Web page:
7 questions to help you get the best deal on auto and home insurance

Searching for the best deals for your auto and homeowner’s insurance can feel overwhelming. With so many providers and so many options, comparing quotes can leave you with a library of reading material. Rather than listen to commercials compete for your business, conduct your own investigation.

Here are seven key questions to ask to make sure you're signing up for policies that fit your budget and your needs.

1. How much can safety save?

Installing security systems to protect your car and home can do more than give you peace of mind.

auto-and-home-insurance-deals "Auto insurers offer premium rate discounts if the policyholder's vehicle is equipped with anti-theft devices, and home insurers often give rate reductions to policyholders who have installed security systems at their homes," says Michael Barry, a spokesman for the nonprofit Insurance Information Institute.

Additional safety features may be able to reduce your costs even further. For homeowner’s insurance, deadbolt locks and smoke alarms can help save money with some insurers. Safe behavior can play an important role in reducing your auto insurance costs, too. For example, Nationwide's defensive driving discount can save drivers up to 10 percent for enrolling in an approved safety course.

2. Do you qualify for other discounts?

In addition to safety features, insurance providers offer discounts on a wide range of factors. GEICO provides discounts to customers who belong to more than 275 professional associations, which range from fraternities to credit unions. Progressive offers discounts for paying in full rather than spreading payments throughout the year.

3. Can you combine your coverage?

Bundling your auto and home coverage can do more than simplify your search for the best insurance deals -- it also can reduce your costs. Barry says a policyholder who has at least two policies with the same company usually can save at least 10 percent to 15 percent on annual premiums compared with a consumer who buys auto and home insurance from separate carriers.

If you have additional insurance policies, the combination savings can be even greater. Allstate gives drivers a 10 percent discount on auto insurance for insuring their home or apartment with them, too. Nationwide's multipolicy discount can save customers up to 25 percent.

4. What happens if you raise your deductible?

If your car or house sustains damage, you'll need to pay your deductible. The deductible refers to the initial expenses you must cover before your insurance company helps fix or replace your property.

The nonprofit Insurance Information Institute recommends a minimum deductible of $500 for homeowner’s insurance, but increasing your deductible can help you save. Before you consider raising your deductible, you should weigh how much you can afford to cover in the event of an accident.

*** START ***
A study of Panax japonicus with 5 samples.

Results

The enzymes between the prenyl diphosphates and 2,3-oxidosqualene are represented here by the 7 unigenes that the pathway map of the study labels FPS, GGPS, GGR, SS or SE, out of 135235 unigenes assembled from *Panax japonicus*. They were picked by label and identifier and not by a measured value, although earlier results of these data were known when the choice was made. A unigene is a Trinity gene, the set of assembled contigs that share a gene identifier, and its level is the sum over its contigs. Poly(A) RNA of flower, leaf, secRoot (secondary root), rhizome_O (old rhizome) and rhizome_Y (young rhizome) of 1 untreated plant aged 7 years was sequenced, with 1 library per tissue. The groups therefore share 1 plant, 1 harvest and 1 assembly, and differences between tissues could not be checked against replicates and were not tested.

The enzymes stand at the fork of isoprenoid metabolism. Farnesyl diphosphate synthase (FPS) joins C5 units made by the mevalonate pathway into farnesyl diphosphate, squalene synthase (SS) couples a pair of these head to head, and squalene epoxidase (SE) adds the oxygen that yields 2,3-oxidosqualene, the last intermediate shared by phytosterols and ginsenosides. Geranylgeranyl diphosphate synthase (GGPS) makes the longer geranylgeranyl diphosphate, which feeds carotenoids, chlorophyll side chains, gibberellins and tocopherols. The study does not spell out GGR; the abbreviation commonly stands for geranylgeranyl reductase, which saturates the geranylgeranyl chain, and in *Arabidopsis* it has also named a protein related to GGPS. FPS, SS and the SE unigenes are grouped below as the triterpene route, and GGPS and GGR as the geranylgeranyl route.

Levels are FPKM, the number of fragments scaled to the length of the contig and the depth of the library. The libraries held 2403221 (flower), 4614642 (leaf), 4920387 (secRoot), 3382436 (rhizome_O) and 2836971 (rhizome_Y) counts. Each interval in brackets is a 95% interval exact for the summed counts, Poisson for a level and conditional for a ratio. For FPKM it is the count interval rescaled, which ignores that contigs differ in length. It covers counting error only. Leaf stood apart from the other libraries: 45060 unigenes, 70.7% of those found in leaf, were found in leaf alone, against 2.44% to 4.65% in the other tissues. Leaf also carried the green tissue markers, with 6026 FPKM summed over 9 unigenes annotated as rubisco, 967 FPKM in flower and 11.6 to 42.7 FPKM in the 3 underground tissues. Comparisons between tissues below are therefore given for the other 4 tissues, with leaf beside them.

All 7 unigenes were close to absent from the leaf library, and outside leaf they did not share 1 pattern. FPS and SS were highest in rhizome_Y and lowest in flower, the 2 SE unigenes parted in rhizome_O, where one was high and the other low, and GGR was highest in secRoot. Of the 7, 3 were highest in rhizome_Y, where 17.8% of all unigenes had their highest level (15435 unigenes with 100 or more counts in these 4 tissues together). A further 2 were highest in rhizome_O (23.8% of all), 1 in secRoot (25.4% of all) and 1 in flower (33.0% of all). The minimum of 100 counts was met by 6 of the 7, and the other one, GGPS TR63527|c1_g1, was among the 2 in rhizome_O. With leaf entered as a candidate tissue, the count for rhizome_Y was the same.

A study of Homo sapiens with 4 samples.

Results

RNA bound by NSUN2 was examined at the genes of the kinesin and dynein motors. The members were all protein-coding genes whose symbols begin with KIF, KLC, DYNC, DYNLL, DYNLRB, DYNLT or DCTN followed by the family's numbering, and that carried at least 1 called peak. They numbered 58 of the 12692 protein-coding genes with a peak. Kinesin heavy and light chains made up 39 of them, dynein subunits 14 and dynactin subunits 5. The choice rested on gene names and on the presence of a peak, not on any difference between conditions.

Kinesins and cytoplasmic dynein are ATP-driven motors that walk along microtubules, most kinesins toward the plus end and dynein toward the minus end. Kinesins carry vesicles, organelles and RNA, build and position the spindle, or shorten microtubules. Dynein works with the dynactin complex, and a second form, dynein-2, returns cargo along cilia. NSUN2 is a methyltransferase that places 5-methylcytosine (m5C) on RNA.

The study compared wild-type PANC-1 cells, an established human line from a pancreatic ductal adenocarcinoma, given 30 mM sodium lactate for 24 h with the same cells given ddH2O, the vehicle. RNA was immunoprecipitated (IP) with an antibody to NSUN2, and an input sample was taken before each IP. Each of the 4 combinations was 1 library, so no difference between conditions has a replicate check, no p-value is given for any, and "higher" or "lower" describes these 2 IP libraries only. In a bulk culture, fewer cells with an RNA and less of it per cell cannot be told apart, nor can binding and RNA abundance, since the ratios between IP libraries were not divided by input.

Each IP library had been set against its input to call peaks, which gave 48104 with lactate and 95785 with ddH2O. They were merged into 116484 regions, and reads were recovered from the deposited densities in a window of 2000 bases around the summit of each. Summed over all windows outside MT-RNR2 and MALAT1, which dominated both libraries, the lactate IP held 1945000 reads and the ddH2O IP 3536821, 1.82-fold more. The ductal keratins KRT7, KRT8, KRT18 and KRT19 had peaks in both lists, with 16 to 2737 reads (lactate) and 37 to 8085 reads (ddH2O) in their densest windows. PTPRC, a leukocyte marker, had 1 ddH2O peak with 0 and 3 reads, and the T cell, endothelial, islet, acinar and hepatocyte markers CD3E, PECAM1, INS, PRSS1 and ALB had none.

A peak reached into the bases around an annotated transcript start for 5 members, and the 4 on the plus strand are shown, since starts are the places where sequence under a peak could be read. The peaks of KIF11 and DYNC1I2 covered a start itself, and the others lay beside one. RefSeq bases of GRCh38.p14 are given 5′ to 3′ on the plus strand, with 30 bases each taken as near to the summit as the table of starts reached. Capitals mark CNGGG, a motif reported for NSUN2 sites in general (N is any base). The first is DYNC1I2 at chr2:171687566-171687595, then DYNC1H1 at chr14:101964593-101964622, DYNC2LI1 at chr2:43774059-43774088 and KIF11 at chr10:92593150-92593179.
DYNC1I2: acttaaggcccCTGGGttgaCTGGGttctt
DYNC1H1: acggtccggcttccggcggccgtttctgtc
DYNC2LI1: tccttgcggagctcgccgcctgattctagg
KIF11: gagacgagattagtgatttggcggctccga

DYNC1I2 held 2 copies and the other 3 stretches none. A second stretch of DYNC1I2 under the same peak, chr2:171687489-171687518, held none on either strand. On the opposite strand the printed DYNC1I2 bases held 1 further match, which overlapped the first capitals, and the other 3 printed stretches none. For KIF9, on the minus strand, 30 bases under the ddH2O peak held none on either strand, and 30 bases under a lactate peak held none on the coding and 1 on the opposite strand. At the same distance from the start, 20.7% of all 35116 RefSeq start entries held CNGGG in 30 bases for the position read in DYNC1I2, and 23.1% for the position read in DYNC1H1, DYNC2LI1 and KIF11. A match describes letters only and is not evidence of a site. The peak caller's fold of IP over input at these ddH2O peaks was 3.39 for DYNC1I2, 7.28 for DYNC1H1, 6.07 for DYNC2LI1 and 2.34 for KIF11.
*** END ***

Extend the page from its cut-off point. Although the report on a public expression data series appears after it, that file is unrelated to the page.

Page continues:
"Consumers need to ask themselves is what they could comfortably pay for out-of-pocket for damages that may be incurred by their car or their home," Barry says. "If a policyholder can raise the deductible to $1,000 from $500, they'll save a significant amount of money on either of their insurance premiums."

5. Can you improve your credit score?

Many providers use your payment history, your outstanding debt and other data from your credit report to estimate the likelihood that you'll file a claim. The calculation is called your credit-based insurance score.

Karen Carlson, director of education at InCharge Debt Solutions, a nonprofit financial counseling organization, says a low credit score can double your insurance premiums.

However, Carlson says there's a lot you can to improve your score. She recommends ordering a free copy of your credit report from annualcreditreport.com to verify that it doesn't contain any mistakes. In addition, Carlson says, consumers should pay down their debts and use bill-pay app alerts to make sure their payments are made on time.

If you live in California, Hawaii, Maryland or Massachusetts, state laws prohibit your credit record from affecting your premiums.

6. Are other companies offering better quotes?

One of the best ways to make sure you're getting the best deal on your auto and home protection is shopping around. The Insurance Information Institute recommends comparing at least three insurance quotes from different providers before buying a policy.

7. Aside from the cost of a policy, what should you consider?

Your monthly payments may be at the front of your mind, but you'll need to compare more than just quotes when choosing your coverage.

Robert Hunter, director of insurance at the nonprofit Consumer Federation of America, advises consumers to consider customer reviews of different providers. J.D. Power and Associates conducts annual studies to evaluate consumer satisfaction with the claims filing process. Your state insurance department also may provide resources to help you understand information about insurance companies, such as how stable their finances are and how many complaints have been filed against them.